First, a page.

Covid-19 is dominating the news and minds of people across the world but it's less of a feature in the debating chamber as MPs still have to work on legislation.
The Government issued instructions to self-isloate, imposed travel bans, and announced a $12.1billion economic rescue package in its response to the spread of Covid-19 throughout New Zealand and the world.
Criticism of this response from Opposition parties like the National Party and the ACT Party is unsurprising as their job is to question the Government's actions and hold it to account.
However that criticism has largely been relegated to the start of the sitting session like question time, the general debate, and special debates like the Minister of Finance Grant Robertson's announcement of the COVID-19 - Emergency Economic Package.
- Covid-19 dominates question time in Parliament
- Business as normal for Parliament despite Covid-19
- RNZ full coverage: Covid-19
Outside of these debates the MPs worked on legislation as usual including:
The Abortion Legislation Bill
MPs spent all of Tuesday evening and part of Wednesday morning working on the committee stage of this bill.
The Committee stage involves the House turning into a committee and working through the details of the bill to make sure it is worded correctly. It's also the last chance to make changes (called supplementary order papers or SOPs for short).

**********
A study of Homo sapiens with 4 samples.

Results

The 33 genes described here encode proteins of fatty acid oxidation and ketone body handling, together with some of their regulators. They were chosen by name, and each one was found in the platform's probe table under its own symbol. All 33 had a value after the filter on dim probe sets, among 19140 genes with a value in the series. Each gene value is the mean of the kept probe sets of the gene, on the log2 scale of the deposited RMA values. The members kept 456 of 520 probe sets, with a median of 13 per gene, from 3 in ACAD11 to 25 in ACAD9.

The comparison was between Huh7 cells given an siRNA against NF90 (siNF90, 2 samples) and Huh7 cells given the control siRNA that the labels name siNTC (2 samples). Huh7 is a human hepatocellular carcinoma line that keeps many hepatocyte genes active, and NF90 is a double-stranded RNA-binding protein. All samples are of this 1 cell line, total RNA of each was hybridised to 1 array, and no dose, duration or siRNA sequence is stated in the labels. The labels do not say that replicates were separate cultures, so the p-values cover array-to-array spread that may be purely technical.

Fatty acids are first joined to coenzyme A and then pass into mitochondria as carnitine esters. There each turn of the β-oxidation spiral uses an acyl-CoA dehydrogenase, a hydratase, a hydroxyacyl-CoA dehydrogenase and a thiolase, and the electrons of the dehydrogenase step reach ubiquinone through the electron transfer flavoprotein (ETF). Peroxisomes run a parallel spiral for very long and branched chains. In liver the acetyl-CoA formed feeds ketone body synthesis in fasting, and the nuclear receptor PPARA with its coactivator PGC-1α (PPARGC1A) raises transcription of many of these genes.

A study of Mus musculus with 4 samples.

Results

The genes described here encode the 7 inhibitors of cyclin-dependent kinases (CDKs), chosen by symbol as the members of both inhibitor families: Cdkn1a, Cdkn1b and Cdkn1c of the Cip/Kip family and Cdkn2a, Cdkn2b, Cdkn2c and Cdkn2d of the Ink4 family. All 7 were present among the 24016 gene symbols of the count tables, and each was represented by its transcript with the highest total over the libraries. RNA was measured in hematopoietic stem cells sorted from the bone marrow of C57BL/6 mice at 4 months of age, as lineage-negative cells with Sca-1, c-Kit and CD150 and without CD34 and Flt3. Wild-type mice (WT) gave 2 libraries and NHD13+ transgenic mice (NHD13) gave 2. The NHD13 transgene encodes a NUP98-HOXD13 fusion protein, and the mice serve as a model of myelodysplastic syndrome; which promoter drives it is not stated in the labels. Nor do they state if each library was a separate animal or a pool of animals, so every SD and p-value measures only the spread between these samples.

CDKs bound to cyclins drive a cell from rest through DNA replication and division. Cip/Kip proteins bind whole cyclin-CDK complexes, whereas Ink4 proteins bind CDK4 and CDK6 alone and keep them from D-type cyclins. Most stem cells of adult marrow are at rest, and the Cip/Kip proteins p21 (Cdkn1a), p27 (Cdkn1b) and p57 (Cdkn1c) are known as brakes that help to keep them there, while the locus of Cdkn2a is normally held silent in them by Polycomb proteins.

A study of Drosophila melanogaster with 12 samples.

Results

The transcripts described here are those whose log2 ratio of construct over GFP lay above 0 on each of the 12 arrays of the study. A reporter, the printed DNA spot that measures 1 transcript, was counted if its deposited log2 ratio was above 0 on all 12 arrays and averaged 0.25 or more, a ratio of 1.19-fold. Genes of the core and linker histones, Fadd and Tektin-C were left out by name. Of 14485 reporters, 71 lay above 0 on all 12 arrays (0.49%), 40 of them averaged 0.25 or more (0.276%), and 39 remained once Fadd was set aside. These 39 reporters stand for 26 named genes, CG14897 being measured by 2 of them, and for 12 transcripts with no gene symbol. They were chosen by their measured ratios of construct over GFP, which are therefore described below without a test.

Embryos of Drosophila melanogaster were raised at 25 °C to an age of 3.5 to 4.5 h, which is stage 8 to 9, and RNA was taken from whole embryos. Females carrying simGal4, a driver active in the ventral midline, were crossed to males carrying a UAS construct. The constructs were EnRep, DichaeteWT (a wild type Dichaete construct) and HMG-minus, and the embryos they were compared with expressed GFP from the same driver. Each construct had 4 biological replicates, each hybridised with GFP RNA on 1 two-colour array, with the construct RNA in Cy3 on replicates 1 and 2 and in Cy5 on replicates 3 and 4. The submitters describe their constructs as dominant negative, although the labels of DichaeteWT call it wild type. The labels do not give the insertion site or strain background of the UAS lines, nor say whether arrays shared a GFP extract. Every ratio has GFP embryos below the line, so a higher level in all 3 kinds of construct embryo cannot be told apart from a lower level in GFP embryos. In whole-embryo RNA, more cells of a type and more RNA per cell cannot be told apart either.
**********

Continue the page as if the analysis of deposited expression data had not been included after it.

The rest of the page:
During the first session on the Bill's committee stage some MPs missed their chance to vote against an SOP which removed the details for how safe zones would be set up around abortion clinics.
- Confusion as MPs vote-out safe zones around abortion facilities
- Sorry, what did we just vote for?
- Labour shrugs after abortion clinic safe-zones vote misfire
On Wednesday the Bill was up for its third and final reading in the House but just before that started Green Party co-leader Marama Davidson asked for permission to send the bill back to the Committee stage.
"I move, That the Abortion Legislation Bill be recommitted for the purpose only of considering Supplementary Order Paper 485 in my name, which relates to safe areas."
Davidson's motion failed to get enough support and the bill carried on to its third reading which was passed by the House 68 votes - 51.
The Act comes into force the day after it receives Royal Assent from the Governor General.
Two debates were held on instructions to select committees which would shorten the time they had to report back on a bill.
Select committees are smaller groups of MPs who meet to consider bills, petitions, conduct inquiries, and hear the views of the public, officials, lobbyists and experts. They compile this information into a report for the rest of the MPs (the House) to read; usually ahead of a bill's second reading debate.
A select committee normally has about six months to do this and if a Minister wants a report back sooner it has to ask the House to approve that decision.
Two requests were made, one for the Māori Affairs Committee to report back on the Local Government (Rating of Whenua Māori Amendment Bill by 29 June 2020 and a request for the Justice Committee to report back on the Electoral (Registration of Sentenced Prisoners) Amendment Bill by 2 June 2020.
The National Party opposed both requests with National's Nick Smith saying the the Government "want to screw the scrum to make it easier for them to win the 2020 election" by asking for the Electoral bill report back sooner.
But the Governing parties have the majority and both requests were agreed to.
A full list of what the House worked through each day last week can be found here.